Nance’s project(s)

When I first heard about what type of work we could be doing in this class and the range of tools and techniques we had available to do it with, I had the impulse to make something that could collect all of the individual pieces into one. I though of a tunnel book as a way to do this. A tunnel book is a whimsical structure that doesn’t really resemble a book. It’s made up of “pages” that function almost like a theater set, “bound” into a box-like “book” that you view from one end, peering into a little world as though you’re looking through a key hole.

I’d like to use each assignment to make pages for a tunnel book that can be viewed from two directions, learning about and playing with printing, cutting, and assembly processes along the way. The end product (I hope) will be a “visual representation” of the same theme seen from two directions. The bonus will be the eyeballs at either end of the “tunnel”, assuming two people look in at the same time. I’m not sure yet how this will play out, but I’m in this for the journey, as they say, and not the destination.

So far, I am exploring a three-color silkscreen process with a halftone separated for red-green-blue. Everything I’ve been taught as a graphic designer says that CMYK is the way to go for a color photo, so I’m curious to see what I get out of this image. For the flip side of the pages I’d like to print (with letterpress?) a more figurative version of the photo, probably in black and white, but maybe with black and a color. I’d love to play with wood type for a title that would/could function as the sides and cover; and maybe utilize the laser cutter in Rapson to cut the pages before assembling.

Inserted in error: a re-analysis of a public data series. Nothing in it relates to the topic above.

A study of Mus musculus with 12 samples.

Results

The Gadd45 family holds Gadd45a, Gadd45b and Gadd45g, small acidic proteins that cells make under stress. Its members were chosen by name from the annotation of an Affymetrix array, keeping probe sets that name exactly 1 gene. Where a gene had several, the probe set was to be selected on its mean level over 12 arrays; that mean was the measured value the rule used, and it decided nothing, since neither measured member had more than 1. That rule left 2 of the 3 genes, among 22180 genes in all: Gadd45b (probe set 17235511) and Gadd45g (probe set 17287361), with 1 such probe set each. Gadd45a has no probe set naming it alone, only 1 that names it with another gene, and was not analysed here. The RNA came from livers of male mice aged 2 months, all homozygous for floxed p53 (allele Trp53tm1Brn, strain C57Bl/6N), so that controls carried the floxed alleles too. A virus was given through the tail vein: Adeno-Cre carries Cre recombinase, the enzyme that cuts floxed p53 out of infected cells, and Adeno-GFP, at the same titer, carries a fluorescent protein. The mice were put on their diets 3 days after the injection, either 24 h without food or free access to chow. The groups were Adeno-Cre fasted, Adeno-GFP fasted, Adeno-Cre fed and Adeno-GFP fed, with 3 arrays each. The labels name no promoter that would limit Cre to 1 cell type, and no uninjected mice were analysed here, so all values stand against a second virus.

I was partly inspired by the work of Andrea Dezsö, a multi-talented artist who created a room-size “tunnel book” installation at Rice University, http://www.andreadezso.com/, although my little project will be nothing like her work. I have always loved the idea of little worlds that coexist with our big world – worlds to be found in tree stumps, mouse holes, doll houses. And I like to make stuff.